NI climate bill progress to be decided by MLAs

The legislation is backed by the main parties in the assembly, except the Democratic Unionist Party.

The bill would commit Northern Ireland to reaching net zero emissions by 2045.

However, Agriculture Minister Edwin Poots and farming leaders oppose it, claiming the bill goes too far, too fast.
They believe it will have a detrimental impact on the agri-food industry.

Agriculture is the sector which gives off most greenhouse gases in Northern Ireland.

It accounts for 27% of emissions, mostly methane from livestock.
Other big emitting sectors are transport, power, industry and domestic heat.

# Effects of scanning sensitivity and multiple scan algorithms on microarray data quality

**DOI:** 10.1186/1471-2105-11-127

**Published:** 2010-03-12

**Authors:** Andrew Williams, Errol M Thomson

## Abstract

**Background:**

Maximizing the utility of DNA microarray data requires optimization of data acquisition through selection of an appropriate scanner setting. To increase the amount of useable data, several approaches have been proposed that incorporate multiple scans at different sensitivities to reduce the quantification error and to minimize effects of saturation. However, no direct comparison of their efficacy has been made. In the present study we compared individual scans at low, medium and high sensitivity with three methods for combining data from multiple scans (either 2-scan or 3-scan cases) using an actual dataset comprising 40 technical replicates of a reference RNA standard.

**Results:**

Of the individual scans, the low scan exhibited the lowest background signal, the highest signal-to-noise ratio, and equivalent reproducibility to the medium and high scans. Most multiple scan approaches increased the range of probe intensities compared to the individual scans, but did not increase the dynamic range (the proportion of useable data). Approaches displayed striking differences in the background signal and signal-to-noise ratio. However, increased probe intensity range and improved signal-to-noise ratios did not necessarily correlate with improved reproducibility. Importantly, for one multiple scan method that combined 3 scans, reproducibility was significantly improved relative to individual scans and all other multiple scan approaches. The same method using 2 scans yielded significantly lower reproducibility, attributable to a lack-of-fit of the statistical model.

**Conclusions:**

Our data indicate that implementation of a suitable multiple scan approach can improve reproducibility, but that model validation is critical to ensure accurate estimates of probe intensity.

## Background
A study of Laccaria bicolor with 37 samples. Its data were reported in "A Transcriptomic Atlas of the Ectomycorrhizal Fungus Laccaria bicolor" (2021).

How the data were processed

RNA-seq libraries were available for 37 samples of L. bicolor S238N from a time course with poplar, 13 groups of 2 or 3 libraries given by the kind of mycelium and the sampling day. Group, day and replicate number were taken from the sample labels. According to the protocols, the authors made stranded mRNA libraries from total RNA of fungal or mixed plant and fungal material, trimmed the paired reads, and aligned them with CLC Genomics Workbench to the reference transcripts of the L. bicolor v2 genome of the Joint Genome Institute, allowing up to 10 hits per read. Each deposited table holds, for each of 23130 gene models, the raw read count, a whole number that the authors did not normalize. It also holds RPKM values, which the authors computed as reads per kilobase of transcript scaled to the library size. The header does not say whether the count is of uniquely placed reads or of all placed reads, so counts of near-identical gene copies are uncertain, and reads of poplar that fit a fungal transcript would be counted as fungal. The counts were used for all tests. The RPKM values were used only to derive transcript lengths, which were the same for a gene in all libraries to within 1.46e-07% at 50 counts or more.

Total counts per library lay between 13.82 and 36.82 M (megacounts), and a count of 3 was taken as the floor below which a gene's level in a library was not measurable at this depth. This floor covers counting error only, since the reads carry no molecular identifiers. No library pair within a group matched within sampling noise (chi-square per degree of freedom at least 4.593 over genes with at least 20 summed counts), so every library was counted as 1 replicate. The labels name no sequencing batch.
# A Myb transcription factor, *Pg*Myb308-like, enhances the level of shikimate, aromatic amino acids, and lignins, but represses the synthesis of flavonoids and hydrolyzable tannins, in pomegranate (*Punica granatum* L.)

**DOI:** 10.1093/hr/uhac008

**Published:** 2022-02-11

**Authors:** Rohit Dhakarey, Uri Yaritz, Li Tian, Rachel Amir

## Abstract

The climate bill provides a framework for targets but not specific reductions for individual sectors.

They would follow later under departmental plans.

Mr Poots is working up an alternative bill which would include an emissions reduction of at least 82% by 2050.

This is in line with the recommendation of an independent advisory body to government on climate.

The committee on climate change said on its current analysis there was "no credible pathway" for Northern Ireland to reach net zero greenhouse gas emissions by 2050.

It found the 82% reduction would be a fair contribution to the wider UK target.

It said there was no technical reason the net zero target could not be achieved in Northern Ireland, but it would require a greater than 50% reduction in meat and dairy output.

At the weekend, Mr Poots said draft policy proposals for his bill had been submitted to the Executive for approval in March, but had not yet made it onto the agenda.